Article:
The ever photogenic Julia Roy and her agency, Undercurrent, are working with Ford on a program called Fiesta Movement. The automaker plans to give away 100 Ford Fiestas for six months complete with free gas, insurance, parking and a concierge service. The lucky 100 will be sent on "cool monthly missions" not unlike AT&T's Lost in America.
And oh yes, they must document their travels for public consumption. After all, it's the social media thing to do, right? And, yes, there will be tweets.
This April BET will be airing a "documentary webisodic series" called Red Bull Big Tune. (I guess nobody needs to tell you this will be sponsored content.) The show follows an ongoing nationwide battle between music producers, culminating in an event between finalists in New York this December.
Opening credits for the show were produced by Monkeyhead, and it's all very slick and bangin' -- whether you're the type of person who gets a thrill seeing your city represented, or you've just always fantasized about seeing Ghostwriter go on tour. (Because that's kinda what it looks like.)
- The Obama Administration's recovery.gov logo kinda reminds us of...
- MoMA shoots for socially-minded redesign. (It should probably start here, though.)
- Google's Eric Schmidt's a Twitter-hater. Well, maybe "hater" is too strong a word.
- For once, an instance where extreme prejudice may improve your online quality of life. (Via that one guy whose site's all covered in Skittles.)
- Hella happy over drillwork.
- Starbucks value meals? Seriously? Sell your stock. Now. Because a licensing partnership with Hello Kitty is just around the corner.
MoMA cut ties with happycorp after ECD/founder Doug Jaeger (kind of) admitted to enabling ad renegade Poster Boy to "vandalize" one of its subway print installations.
Well, that's not really all. He also hired a photographer to shoot him in front of them and expressed his interest in selling said photos.
MoMA's since shafted the agency and replaced the images. Too bad; we dug the final results. See Defaced Marilyn and Oil Spill Monet.
At left is a print piece called "Black is Beautyfull," in which a grinning clay Klansman offers a meager bouquet of flowers to a simpering black chick with a 'fro.
In a variant, "Fun Religion," a Muslim and a Jew surrender to the call of John Travolta, circa 1977.
Comcast's "Sing-Along" kinda reminds us of Dunkin' Donuts' "Moving" -- except in this case, the scruffy guy sings about Comcast offerings in a chill dry un-make-fun-of-able monotone.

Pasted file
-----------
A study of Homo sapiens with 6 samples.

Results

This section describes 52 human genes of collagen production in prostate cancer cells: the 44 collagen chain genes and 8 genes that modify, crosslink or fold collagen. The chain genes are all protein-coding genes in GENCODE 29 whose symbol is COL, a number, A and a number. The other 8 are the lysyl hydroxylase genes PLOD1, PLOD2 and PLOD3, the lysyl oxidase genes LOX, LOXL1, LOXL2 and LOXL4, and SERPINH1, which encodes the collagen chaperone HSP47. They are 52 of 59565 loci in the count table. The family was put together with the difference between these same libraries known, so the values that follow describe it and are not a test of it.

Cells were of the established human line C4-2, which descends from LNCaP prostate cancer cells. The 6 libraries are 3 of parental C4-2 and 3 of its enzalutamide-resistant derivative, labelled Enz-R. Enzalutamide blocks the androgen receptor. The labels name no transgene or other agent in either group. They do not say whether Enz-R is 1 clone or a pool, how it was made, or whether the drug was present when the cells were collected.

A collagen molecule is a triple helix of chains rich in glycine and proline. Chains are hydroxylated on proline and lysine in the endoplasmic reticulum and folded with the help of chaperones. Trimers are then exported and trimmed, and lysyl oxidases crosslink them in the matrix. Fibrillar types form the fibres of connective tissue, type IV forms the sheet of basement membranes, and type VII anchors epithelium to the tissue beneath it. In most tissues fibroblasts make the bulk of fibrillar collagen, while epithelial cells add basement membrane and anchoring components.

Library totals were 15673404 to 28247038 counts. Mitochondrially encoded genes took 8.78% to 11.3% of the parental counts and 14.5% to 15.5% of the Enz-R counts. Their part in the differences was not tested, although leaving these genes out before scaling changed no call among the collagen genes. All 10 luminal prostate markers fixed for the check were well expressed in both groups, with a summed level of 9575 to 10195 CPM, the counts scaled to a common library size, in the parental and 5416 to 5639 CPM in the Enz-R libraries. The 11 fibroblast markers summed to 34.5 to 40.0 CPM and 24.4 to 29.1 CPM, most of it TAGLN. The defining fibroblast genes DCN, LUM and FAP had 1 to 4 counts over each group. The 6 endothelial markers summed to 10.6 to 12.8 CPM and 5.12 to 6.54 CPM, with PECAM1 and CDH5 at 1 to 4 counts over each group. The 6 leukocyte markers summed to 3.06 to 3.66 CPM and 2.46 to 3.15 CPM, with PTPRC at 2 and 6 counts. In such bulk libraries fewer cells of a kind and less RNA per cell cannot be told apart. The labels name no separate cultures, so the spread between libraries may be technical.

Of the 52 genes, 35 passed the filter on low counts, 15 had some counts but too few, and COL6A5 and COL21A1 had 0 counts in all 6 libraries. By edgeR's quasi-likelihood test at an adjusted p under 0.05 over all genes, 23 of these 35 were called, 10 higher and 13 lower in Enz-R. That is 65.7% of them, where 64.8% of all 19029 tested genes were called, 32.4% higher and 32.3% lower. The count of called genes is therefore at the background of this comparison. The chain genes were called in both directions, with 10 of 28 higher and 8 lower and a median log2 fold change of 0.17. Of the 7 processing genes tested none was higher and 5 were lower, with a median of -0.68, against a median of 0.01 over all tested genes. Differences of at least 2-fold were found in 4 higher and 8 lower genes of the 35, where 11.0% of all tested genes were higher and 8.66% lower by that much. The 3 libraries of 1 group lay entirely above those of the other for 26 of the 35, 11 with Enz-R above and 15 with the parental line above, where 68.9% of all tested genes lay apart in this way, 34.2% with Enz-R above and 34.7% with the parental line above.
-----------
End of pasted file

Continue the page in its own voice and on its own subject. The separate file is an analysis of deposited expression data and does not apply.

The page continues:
The spot's also slathered in retro-style cartoonage.
Not unpleasant. Hard to imagine anybody singing to it, but given a few more variations we can picture people bobbing at the end of this and consecutive spots while mouthing "C-O-M-C-A-S-T." Time trains even the most resistant. Hey Comcast, you can be the Oscar Mayer of cable.
Work by Goodby, Silverstein & Partners.
- Creatives on Craigslist. Yeah, it's sad. But not as sad as disseminating bulky PDFs about creatives on Craigslist.
- Legs, the content folk responsible for Diesel's "Pete the Meat Puppet," just launched its own website. Careful, desk cogs: it's ornamented with naked people, floating slowly about at extremely close range. (Like, close enough to see corns and butt freckles. YOU HAVE BEEN WARNED.)
If you ever have one of those days where you wake up and lament that you've given your life to something as banal as advertising, just watch "Singing Fish" and you will laugh -- because this industry is so completely insane.
Way to go, Arnold. Your efforts made us choke on a cherry tomato -- and we weren't even out of our "Don't-fuck-with-me" state yet. (Take it from us: there's nothing worse than nearly gagging to death after spending the morning mean-mugging everyone who could potentially save your life.)
Arnold says "Singing Fish" has generated about 50,000 YouTube hits since Friday. Still more surprising: in that handful of days it's already seized the imaginations of really bored suburban kids.
Check out how nonchalant the McD's staffer is though. McDonald's employees must just be used to being randomly serenaded.
For better or worse, Diesel knows how to seize attention. ("Pete the Meat Puppet" is STILL stuck in our heads, and there's no way on earth we can ever unwatch "XXX SFW.")
But its gaze-gathering talents aren't strictly 'net-based. To draw mass appeal to the grand opening of its Five on Fifth (Ave.) location, the label balked at the notion of a one-night celebu-fete. Too bland. Not exclusive enough. Instead, it threw together a hodgepodge of quirky personages -- think Mad Hatter's tea party for grownups -- and held multiple dinner parties at its storefront window.